Z-Ro: An Even Darker Version of Drake
Drake catches plenty of slack for being "emotional." It's an odd thing. Some of hip-hop's brightest moments have come from a place of catharsis and authenticity. When considering the Drake discography, it wouldn't come as a surprise if the word Drake was actually Latin for "catharsis" and "authenticity."
With that considered, Houston's own Z-Ro and the No. 1 Nothing Was the Same rapper bear a lot of similarities. Both have perfected the sing-rap flow and are intensely brooding characters who tend to treat the listener like a recommended therapist -- except you're really the one shelling out cash for these sessions.
Z-Ro and Drake are analogous characters in rap. Drake is an uplifting emotional figure who digs up old wounds from a place of triumph. Z-Ro is a gloomy figure who speaks to a dejected soul and taps into present melancholy. A large portion of Z-Ro's music grazes over a present introspection of struggle, whereas Drake's content derives from retrospective thoughts of perceived hardship.
"Started From The Bottom" takes us back to Drake's troubles as a young adult in Toronto. Here -- not that it completely matters -- it is important to note that as a youngun Drake was a child star, but this is Canadian television and he was the breadwinner for himself and his disabled mother. During the bridge toward the song's end, Drake sings "fuck a fake friend, where your real at?", a message that people can be snakes in the grass that rumbles through his monotone schoolgirl-chantish crooning.
A similar sentiment is found at the start of Z-Ro's first verse on "One Deep," where he proclaims "don't have to come around my way, 'cause I don't want another fair weather friend with a trick up his sleeve." Both rappers express trust issues with those telling lines and are an indicator of their parallel mindsets. However, the surrounding content of the songs reveal where and why they differ from one another. "One Deep" is Z-Ro's cynical manifesto, an oft-expressed philosophy of being able to do bad all by himself. Z-Ro finds solace in his solitude.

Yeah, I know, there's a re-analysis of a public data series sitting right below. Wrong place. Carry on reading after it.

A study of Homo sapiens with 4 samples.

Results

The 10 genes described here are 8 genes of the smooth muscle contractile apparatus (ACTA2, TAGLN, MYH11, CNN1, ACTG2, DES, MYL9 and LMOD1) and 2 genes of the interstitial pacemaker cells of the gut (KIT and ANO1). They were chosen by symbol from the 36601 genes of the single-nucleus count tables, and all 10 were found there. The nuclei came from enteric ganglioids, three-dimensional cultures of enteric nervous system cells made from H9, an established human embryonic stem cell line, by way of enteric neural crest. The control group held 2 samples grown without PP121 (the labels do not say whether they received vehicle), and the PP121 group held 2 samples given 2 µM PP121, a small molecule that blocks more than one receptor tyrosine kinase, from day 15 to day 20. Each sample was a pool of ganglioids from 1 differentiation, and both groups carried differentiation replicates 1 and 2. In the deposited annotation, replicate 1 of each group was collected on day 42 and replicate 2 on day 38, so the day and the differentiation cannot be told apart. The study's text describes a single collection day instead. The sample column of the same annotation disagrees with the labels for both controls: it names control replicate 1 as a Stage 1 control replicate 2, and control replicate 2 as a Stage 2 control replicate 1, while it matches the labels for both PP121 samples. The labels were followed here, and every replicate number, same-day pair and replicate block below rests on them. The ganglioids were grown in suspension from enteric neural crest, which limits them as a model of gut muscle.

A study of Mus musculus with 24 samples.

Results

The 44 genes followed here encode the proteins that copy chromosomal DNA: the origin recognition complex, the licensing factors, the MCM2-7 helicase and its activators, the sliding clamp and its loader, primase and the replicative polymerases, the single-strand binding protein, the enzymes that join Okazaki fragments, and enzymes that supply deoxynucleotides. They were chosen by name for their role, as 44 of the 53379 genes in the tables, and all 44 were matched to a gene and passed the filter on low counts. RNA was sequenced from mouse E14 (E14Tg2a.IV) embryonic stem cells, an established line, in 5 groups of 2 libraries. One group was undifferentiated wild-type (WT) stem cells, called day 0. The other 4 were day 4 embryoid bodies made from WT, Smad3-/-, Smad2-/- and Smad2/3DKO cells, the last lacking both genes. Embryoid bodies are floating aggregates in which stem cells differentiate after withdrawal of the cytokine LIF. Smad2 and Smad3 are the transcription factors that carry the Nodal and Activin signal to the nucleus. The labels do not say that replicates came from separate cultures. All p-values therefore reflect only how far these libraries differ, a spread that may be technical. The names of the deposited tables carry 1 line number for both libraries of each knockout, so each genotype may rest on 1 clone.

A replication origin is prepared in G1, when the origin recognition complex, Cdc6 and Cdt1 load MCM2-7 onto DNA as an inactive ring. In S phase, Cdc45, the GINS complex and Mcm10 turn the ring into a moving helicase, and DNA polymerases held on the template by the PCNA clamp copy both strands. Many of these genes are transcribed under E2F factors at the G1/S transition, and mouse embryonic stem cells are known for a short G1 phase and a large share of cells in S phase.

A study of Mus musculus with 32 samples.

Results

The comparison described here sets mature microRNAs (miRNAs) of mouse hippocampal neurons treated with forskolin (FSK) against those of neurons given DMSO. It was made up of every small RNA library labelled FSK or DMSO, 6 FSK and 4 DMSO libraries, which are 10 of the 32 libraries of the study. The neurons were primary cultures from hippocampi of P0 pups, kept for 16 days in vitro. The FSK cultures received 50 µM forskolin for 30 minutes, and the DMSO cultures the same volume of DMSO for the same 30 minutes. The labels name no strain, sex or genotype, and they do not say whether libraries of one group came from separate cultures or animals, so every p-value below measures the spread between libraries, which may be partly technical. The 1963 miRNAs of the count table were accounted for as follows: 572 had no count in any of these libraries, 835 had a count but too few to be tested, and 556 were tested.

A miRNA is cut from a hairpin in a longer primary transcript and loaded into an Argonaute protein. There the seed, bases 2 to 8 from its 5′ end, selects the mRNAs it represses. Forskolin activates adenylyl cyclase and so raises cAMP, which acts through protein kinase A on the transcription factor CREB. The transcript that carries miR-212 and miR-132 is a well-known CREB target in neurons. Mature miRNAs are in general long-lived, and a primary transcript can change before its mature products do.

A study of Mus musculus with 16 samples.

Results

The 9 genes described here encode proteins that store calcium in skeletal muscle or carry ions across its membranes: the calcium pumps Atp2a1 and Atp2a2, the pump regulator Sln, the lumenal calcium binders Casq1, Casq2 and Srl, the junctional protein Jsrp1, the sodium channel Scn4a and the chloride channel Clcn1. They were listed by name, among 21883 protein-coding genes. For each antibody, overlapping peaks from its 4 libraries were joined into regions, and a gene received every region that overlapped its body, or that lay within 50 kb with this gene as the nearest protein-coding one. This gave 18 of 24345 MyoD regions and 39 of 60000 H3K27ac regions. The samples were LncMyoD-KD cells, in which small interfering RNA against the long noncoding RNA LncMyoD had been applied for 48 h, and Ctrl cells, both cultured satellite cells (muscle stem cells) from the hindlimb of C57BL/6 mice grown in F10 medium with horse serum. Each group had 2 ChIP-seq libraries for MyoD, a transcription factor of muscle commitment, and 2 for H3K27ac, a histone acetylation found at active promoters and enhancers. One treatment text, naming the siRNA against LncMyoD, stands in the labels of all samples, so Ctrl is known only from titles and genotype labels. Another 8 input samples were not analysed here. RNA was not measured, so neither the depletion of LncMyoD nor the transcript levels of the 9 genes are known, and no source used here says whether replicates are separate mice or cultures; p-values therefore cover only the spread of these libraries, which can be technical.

"Started From The Bottom," though, is a victory lap, where Drake decides to bring his whole team along for the ride. He's being triumphant, hence why he decides to reveal that he "wear[s] every single chain even when I'm in the house," a telling line about both his vanity and a realization of clamoring onto a tangible representation of success.
Z-Ro, a hometown hero, hasn't found a wild amount of success outside of Texas. If he had a Sprite commercial at some point, he too might say ridiculous thing in song like Drake. However, he's still making music in his backyard. He's still in sync with the reality that most of us live in.